Washington In a landmark decision reflecting a new national debate on the death penalty, the Supreme Court on Thursday categorically ruled out the execution of the mentally retarded.
The sweeping and unqualified 6-3 decision was the first in a generation to narrow the death penalty substantially, and legal experts said it signaled that the justices may curtail its use in some other situations as well.
The ruling's forceful tone indicates that "the court is saying it is going to require more justification from states generally, not just with the retarded, for their broad death penalty statutes," said Michael Millemann, a law professor at the University of Maryland. But there is no indication the court is ready to outlaw the death penalty or to prevent its application to children over 15, he said.
The opinion by Justice John Paul Stevens said that executing the retarded was "cruel and unusual punishment" proscribed by the Eighth Amendment to the Constitution. Just 13 years ago the court reached the opposite conclusion, but since then the number of states prohibiting the execution of the retarded has risen from two to 18, reflecting a changed national consensus, Stevens said. Some 14 other states reject capital punishment completely.
The ruling gives a new chance at life to Daryl Atkins, who was sentenced to death in Virginia for kidnapping an Air Force enlisted man at a convenience store in 1996, robbing him with an accomplice, and then driving him to a deserted area and shooting him eight times, killing him, while he begged for his life.
A defense psychiatrist testified that Atkins, with an IQ of 59, was mildly retarded, which some medical texts define as having an IQ between 50 and 69, corresponding to a mental age of 9 to 12 years. But a prosecution expert said Atkins was of "average intelligence."
The court did not define mental retardation Thursday, and sent his case back to the lower courts. Atkins' ultimate fate will likely take years of litigation to decide.
Regardless of what happens to Atkins, the decision in his case Thursday could give new momentum to the anti-death penalty movement, which had been revived recently by cases where inmates convicted of killings were found by DNA or other evidence to be innocent.
"We cannot ignore the fact that in recent years a disturbing number of inmates on death row have been exonerated," Stevens said Thursday in an unusual footnote. Justice Sandra Day O'Connor, who in the past has voted to uphold most death penalty cases, raised the possibility that innocent people have been put to death in an anguished speech last year. O'Connor and fellow swing conservative Anthony Kennedy both voted Thursday with Stevens, joining without reservation in an opinion that some experts said sounded like those of the liberal Warren Court era.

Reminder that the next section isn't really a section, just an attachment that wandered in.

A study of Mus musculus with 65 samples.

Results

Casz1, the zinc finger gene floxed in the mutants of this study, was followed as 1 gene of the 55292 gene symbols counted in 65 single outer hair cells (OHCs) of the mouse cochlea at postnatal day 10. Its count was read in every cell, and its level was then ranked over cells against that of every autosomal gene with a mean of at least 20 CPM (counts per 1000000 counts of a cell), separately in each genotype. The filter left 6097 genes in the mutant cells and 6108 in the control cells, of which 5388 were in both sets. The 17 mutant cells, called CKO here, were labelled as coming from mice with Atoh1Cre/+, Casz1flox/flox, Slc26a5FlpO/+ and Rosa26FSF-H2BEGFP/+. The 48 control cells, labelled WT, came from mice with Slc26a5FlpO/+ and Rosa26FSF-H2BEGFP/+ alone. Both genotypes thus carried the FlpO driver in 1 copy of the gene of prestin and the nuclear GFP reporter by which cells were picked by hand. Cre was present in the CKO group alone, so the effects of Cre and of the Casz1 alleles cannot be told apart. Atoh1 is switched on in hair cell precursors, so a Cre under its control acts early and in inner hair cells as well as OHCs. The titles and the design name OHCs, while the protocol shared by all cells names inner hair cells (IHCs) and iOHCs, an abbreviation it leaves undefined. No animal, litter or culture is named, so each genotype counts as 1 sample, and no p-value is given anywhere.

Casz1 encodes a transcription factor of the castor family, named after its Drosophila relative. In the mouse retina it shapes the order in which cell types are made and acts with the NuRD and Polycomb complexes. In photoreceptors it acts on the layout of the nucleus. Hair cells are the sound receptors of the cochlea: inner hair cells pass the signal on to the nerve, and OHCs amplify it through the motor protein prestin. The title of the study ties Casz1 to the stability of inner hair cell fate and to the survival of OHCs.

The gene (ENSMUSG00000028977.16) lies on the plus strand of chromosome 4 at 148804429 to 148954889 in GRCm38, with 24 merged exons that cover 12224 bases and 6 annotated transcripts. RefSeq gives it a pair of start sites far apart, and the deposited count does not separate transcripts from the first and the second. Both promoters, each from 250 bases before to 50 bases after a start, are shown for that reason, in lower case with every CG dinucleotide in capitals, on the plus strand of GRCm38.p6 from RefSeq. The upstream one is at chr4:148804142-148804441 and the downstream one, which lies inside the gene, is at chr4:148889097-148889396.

Stevens cited public opinion polls, the views of professional and religious organizations and even the laws of European countries in broadly asserting that the justices have a personal role in deciding what is cruel and unusual where some evidence of a consensus exists.
Chief Justice William H. Rehnquist and Justices Antonin Scalia and Clarence Thomas dissented.
Scalia's dissent dripped with sarcasm and anger. He asserted that the decisions of a small number of states hardly establish a consensus, and that the ruling's majority were simply asserting their personal preferences. The Eighth Amendment, he said, was meant to outlaw punishments like the rack and the thumbscrew.
"The arrogance of this assumption of power takes one's breath away," Scalia wrote.
In 1972 the court threw out all existing death penalty laws, saying they were arbitrary and irrational. But in 1976 it approved new state laws designed to meet the court's objections, and since then had gradually broadened the permissible use of the ultimate penalty.But the decision was welcomed by some key Democrats and Republicans.
"This is another sign of the fundamental re-examination that is under way at all levels of government about how the death penalty is being carried out today," said Patrick Leahy, D-Vt., chairman of the Senate Judiciary Committee.